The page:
Anaika Forbes decided to shift her volunteer focus from distributing free lunches to needy New Yorkers to giving water and other essential supplies to anti-police brutality protesters.
“I just want to help them so they don’t have to stop doing what they are doing, knowing there are people out here risking their lives for their rights, my rights and the rights of my kids,” Forbes, 36.
Forbes was one of thousands of New Yorkers who have taken to the streets in recent days to call for systemic changes to policing after a Minneapolis officer knelt on the neck of George Floyd for nearly nine minutes, killing him.
Some of the demonstrators shared their stories with THE CITY outside Brooklyn Borough Hall Friday, with several asking to just use their first names for fear of retaliation from employers or the NYPD.
“I have a daughter that I need to be out here representing,” said Manny, a 33-year-old construction worker “This has been going on for a long time and will continue to keep going if I’m not out here 24/7. The time to speak up is now.”
“What we are doing here socially is worth it,” said Elizabeth, 30, a speech-language pathologist. “Hopefully the pandemic keeps going down as this movement gains traction.”
“Of course this movement is about all the black people that have been murdered in cold blood, but it’s also about the systemic issues festering at the foundation of his country,” said Asiya Wadud, 38, a writer who teaches poetry to children,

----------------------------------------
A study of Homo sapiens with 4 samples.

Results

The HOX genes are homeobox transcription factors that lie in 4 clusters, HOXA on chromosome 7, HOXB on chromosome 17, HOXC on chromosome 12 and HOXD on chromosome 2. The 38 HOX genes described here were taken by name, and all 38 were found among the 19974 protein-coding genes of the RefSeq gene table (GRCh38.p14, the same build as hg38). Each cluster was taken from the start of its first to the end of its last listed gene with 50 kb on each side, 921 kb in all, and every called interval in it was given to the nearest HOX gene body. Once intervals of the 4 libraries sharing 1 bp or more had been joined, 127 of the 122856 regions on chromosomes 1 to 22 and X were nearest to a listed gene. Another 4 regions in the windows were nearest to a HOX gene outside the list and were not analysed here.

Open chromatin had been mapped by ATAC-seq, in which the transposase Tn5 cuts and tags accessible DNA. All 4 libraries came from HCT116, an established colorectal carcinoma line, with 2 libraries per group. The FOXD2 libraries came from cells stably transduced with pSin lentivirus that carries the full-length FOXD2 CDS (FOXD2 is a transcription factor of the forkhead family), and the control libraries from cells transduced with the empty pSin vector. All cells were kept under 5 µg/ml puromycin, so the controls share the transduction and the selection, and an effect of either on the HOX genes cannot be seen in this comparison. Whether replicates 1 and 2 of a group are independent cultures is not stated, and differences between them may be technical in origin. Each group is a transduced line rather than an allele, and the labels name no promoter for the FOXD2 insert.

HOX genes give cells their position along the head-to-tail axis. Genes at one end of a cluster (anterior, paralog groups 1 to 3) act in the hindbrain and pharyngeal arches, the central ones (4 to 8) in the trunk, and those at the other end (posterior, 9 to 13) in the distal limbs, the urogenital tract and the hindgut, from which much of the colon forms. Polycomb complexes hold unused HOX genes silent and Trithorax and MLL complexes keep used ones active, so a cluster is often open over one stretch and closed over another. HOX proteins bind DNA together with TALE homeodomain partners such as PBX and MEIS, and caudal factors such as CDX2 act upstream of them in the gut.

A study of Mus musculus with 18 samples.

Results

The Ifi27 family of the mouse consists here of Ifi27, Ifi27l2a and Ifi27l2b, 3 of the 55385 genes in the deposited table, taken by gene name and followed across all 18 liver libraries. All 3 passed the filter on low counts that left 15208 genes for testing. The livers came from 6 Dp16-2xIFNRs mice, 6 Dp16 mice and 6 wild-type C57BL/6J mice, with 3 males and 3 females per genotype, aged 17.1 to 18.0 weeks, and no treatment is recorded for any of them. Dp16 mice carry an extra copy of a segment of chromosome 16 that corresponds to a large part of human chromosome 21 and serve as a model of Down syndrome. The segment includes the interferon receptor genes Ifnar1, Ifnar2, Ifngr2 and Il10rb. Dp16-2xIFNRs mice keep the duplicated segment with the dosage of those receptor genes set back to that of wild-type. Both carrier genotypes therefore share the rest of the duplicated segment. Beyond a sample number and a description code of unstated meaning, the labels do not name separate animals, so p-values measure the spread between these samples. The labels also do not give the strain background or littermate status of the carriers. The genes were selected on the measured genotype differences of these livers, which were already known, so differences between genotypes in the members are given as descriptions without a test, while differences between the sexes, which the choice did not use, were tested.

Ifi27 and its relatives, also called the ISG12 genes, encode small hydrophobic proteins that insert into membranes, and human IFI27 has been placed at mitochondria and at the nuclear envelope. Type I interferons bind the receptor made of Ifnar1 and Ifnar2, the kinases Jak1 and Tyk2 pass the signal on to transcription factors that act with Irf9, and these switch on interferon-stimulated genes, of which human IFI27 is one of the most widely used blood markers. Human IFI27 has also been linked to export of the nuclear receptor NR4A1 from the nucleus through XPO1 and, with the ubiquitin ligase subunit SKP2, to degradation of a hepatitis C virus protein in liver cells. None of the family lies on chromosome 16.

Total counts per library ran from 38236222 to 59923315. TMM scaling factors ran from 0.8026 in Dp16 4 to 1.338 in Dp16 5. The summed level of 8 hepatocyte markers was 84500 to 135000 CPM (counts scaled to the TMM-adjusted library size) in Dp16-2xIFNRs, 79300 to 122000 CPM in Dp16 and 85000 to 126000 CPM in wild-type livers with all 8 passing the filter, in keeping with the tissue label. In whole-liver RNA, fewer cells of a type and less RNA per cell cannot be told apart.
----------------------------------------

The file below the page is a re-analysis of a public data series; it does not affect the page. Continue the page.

“Finally, I feel there’s this momentum building and people are coming together in ways I’ve never seen before.”
Before posing for a photograph, Cameron used his nursing skills to help a protester who was feeling unwell.
“This is the second war that I’m fighting. I’m fighting in the hospital and out here on the street,” said the 29-year-old registered nurse.
Ngozi, a paralegal, said she couldn’t enter her apartment building across from the Barclays Center during the first three days of the curfew without showing her ID to an NYPD officer.
“I felt targeted ... I felt mentally and physically trapped,” said Ngozi, 25. “I hadn’t been on my feet because of my asthma but that forced me to take control of the situation to empower myself.”
With work for her nonexistent during the pandemic, Jennifer, a prop stylist, decided to use her vehicle to give out supplies.
“It was either help out with a cause you believe in or sit at home watching Netflix,” said Jennifer, 33. “The choice was very clear for me.”
“I felt restless watching people around the United State mobilizing from the comfort of my apartment,” said Mike, a musician and Brooklyn native. “We’re all at risk of contracting coronavirus but there’s importance to putting your body for a cause like this.”
“The numbers don’t lie, for almost every metric that assesses quality of life, you’ll see black people below white people,” said EZ, left, a 25-year-old health care worker who was protesting with friend Ron, 28. “That’s why we are out here getting involved and having our voices heard.”
Ressie said she felt a connection to something bigger than herself.
“I’m out here for the next generation and my unborn kids,” said the 27-year-old medical assistant.